The Writers Guild of America has called a strike with effect from 2 May, after talks broke down with a group representing major studios and streaming services.
The strike action began after the expiration of a Minimum Basic Agreement (MBA) with the Alliance of Motion Picture and Television Producers (AMPTP).
According to the Writers Guild of America, ‘The MBA is the collective bargaining agreement that covers most of the work done by WGA members and comes up for renewal every three years.
‘At each negotiation of the MBA, WGA members agree a Pattern of Demands. During this most recent cycle of negotiation, the Pattern of Demands has centred around improving compensation and residuals for writers to address the devaluation of writers’ work; addressing the abuses of ‘mini rooms’, regulating use of AI material, combating harassment and discrimination, and more.’
We join our creative colleagues in support of film and TV writers who have taken to the picket lines in the US, to call for an end to the ‘gig economy inside a union workforce’ and the ‘existential crisis’ faced by professional writers.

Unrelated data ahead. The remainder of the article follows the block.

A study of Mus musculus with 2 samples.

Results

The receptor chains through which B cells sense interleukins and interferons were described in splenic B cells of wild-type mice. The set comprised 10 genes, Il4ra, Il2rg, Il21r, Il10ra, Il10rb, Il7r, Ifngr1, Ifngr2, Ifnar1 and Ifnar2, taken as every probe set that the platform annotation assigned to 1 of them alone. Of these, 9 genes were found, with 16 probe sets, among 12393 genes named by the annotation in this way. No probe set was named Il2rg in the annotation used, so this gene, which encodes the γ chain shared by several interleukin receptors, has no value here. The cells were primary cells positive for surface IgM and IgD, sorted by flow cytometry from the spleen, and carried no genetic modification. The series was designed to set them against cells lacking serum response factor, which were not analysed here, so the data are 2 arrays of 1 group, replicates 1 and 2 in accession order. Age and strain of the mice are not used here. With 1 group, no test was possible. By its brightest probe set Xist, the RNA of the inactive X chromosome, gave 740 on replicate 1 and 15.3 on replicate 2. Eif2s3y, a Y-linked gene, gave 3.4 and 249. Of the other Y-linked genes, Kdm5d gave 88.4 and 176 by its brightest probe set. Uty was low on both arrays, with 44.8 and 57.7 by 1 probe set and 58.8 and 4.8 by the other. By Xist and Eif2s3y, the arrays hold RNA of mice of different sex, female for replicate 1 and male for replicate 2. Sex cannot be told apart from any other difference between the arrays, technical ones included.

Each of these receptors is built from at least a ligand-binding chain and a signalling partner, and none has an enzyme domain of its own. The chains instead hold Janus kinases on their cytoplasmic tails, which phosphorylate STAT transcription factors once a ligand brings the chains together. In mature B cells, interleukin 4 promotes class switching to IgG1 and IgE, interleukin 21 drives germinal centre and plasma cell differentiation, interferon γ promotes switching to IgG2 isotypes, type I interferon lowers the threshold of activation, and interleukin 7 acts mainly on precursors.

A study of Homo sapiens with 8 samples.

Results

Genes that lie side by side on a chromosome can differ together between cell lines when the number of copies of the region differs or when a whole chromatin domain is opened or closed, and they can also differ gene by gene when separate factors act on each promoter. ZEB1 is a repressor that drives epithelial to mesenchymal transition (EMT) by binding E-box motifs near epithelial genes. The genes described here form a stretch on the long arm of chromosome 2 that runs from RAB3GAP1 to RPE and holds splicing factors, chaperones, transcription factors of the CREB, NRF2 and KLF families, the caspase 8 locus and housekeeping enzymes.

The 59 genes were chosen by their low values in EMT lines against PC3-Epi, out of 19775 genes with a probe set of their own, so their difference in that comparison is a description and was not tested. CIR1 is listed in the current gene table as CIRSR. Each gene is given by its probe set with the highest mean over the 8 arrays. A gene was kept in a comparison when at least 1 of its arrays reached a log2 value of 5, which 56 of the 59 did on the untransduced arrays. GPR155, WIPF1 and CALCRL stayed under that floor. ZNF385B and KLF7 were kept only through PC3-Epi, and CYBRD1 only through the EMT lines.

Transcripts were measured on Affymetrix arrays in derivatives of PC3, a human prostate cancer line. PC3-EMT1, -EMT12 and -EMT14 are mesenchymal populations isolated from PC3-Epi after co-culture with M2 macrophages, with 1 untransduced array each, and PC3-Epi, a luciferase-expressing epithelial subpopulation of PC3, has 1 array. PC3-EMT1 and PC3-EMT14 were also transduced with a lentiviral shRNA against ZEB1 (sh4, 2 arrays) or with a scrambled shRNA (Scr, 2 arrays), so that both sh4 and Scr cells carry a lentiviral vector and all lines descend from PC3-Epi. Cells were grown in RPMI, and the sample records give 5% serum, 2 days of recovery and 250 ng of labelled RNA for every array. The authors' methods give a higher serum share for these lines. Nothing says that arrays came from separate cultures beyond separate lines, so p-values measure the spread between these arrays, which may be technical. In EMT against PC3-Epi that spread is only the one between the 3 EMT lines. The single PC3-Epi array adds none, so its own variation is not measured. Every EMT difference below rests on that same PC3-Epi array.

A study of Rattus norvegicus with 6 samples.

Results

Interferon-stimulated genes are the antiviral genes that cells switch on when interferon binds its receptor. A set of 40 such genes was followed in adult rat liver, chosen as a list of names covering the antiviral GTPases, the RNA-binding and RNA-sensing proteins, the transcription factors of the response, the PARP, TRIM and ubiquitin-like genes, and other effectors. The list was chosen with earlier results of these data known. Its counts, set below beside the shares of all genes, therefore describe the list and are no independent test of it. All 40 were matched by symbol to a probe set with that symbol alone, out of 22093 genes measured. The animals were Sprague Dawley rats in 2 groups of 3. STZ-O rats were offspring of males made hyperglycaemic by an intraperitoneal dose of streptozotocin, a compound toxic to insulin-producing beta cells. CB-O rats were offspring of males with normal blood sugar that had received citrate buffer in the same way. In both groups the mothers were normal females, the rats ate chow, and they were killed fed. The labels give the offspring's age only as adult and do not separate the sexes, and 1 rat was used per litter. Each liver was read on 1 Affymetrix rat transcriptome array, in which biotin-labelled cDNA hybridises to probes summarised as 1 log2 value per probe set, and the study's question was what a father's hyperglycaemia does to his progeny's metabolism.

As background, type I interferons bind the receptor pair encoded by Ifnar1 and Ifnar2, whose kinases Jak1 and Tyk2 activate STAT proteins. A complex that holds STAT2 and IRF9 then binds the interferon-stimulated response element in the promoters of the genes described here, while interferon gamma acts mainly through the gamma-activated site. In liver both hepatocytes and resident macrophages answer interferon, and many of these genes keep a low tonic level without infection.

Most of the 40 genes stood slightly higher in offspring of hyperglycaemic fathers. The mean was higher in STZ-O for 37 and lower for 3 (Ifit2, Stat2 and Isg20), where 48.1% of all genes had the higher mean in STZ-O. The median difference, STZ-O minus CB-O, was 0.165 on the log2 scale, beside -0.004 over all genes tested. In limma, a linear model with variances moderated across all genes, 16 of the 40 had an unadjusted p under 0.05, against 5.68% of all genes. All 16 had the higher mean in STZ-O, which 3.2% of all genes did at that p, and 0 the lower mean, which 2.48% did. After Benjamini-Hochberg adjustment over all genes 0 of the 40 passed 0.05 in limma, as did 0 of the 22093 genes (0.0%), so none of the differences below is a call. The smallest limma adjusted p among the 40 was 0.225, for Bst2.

The rise of artificial intelligence, continuation of poor pay terms for writers and perpetuation of racial, sexual and other types of discrimination should concern all writers and the people who work alongside them.
Times are hard for writers of all kinds, around the world, and it is vital that we stand together to fight for better contract terms, fair remuneration and decent working conditions across industries. We suggest that if you are asked to work on projects in the jurisdiction of the WGA that you contact us for individual discussion and advice Do note that taking work with one of the affected companies during the duration of the strike would make you ineligible for future WGA membership and could affect your career prospects.
We will keep our members updated with the WGA strike as it develops.
Read the full WGA strike rules here.